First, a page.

A strong vocabulary is rich in words that empower the user. The greater a child’s vocabulary, the better they will be at reading and writing.
They will also be able to communicate much better, and explain their needs or concerns.
While we grandparents don’t have as much access to our grandchildren as their parents do, we can still offer our support and do things that will make a significant impact on their lives.
Build vocabulary with narration
Talk while you work and play, is perhaps a better way to describe narration.
Many of us have witnessed young toddlers who natter all day. While their chatter can be hard to understand it still plays a very important part of their vocabulary development.
Use a wide variety of words
Here are a few tips you can use when you are spending time with your grandchildren:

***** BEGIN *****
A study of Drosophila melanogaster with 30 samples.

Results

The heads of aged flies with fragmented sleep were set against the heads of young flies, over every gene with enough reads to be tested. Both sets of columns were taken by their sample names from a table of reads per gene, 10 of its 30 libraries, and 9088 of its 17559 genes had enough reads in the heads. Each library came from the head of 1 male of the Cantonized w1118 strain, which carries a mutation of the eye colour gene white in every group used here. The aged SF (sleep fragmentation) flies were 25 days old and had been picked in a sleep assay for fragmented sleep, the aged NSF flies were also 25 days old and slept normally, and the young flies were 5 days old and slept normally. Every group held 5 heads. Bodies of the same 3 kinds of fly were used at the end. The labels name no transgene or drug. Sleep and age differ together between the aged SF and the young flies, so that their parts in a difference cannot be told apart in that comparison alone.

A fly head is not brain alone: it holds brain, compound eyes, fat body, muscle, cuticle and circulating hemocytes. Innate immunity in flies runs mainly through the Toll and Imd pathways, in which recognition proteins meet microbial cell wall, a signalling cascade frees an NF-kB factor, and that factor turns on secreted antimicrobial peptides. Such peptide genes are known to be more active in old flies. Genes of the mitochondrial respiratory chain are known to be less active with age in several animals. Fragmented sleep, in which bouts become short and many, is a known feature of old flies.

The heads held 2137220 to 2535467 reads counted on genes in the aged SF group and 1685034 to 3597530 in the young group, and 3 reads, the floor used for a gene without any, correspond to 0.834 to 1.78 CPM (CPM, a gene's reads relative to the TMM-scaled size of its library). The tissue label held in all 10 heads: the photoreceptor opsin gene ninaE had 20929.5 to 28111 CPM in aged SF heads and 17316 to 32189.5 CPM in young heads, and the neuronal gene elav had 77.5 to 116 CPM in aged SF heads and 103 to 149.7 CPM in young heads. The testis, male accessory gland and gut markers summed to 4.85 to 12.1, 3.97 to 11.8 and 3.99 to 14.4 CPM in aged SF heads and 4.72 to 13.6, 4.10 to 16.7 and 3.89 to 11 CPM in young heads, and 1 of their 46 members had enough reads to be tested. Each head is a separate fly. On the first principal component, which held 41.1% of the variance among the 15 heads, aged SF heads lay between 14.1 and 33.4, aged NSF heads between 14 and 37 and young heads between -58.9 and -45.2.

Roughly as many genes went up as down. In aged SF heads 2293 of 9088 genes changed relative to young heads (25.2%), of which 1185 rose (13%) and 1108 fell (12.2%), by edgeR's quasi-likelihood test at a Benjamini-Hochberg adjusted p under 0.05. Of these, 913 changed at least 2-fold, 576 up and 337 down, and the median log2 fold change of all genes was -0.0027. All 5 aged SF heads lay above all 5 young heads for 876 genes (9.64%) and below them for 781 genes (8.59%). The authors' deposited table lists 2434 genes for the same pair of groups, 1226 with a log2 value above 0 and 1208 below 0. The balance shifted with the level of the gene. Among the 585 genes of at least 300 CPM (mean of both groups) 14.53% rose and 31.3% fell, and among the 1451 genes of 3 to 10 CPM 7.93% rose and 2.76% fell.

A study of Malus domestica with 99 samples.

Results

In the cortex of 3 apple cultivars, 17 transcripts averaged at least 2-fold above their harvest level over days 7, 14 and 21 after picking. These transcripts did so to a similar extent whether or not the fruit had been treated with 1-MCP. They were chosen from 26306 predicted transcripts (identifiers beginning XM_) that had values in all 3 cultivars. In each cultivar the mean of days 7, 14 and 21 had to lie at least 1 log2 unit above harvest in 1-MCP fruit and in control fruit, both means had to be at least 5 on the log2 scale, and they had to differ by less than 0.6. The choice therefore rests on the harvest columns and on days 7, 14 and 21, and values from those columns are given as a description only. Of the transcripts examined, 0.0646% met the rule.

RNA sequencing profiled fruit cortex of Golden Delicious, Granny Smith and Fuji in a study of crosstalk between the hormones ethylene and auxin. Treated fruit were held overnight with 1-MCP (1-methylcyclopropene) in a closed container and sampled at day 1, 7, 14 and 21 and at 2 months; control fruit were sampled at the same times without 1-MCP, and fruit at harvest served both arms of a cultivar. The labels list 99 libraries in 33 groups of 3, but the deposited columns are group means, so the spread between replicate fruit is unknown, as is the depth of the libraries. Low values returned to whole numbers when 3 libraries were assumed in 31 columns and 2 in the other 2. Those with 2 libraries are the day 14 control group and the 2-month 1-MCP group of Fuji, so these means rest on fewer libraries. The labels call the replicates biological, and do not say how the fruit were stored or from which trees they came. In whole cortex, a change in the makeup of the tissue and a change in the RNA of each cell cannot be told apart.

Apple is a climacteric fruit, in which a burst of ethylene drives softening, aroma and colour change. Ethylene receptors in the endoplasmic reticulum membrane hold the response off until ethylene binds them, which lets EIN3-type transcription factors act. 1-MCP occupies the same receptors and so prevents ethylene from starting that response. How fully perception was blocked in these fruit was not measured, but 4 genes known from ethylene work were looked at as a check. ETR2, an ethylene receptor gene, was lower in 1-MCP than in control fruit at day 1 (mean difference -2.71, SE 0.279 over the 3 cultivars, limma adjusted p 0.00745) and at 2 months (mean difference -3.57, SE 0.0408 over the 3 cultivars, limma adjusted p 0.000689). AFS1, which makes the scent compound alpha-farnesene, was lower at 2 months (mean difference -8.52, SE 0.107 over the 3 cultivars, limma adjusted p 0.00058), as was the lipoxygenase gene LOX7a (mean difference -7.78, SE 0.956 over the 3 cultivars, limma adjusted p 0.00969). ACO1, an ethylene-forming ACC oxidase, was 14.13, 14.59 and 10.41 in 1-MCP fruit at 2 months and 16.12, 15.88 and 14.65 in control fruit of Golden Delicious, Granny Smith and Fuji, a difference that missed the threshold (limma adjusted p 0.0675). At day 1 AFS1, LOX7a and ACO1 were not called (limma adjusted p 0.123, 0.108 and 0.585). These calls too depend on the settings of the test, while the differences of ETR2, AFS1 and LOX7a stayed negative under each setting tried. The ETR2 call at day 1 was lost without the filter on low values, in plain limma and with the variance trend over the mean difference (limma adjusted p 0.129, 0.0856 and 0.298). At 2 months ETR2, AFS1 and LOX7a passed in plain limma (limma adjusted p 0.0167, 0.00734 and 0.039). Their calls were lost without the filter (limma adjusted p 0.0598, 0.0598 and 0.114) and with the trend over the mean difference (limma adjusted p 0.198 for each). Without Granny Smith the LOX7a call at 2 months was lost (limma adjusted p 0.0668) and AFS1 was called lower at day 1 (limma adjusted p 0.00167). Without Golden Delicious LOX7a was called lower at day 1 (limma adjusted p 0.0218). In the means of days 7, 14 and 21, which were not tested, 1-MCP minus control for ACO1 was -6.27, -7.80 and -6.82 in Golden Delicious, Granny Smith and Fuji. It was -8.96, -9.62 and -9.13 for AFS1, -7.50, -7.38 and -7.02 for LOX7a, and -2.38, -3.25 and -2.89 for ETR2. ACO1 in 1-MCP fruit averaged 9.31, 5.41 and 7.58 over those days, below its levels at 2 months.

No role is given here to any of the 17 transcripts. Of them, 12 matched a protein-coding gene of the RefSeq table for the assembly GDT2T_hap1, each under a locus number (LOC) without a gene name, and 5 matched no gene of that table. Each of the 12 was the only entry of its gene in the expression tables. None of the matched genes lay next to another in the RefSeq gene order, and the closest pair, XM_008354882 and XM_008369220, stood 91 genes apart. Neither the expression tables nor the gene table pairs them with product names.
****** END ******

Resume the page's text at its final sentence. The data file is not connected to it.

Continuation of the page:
Talk about what you are doing as it is happening – Let’s look at this example of feeding the cat.
“Oh, feel how light the cat’s bowl is? It’s not heavy at all! And, see the look on her face? That’s her hungry look! Oh, doesn’t the cat food smell funny?”
Can you see how many words are used in this example?
There was light and heavy; observing how the cat looked; and the way cat food smells.
Here’s another example:
Let’s say we are getting ready to go in the car.
“Here are the car keys, they are hard and odd shapes. Let’s put our shoes on – look how much bigger my shoes are to yours! Let’s get our coat – don’t all the coats hanging in the closet feel differently?”
The power of words
These short, simple but powerful narratives help tell a story to our grandchildren. These stories should use a lot of different words so they are exposed to them, and learn to use them in their own language. Young children who can’t read yet, need to constantly be exposed to new words verbally so they can build their vocabulary.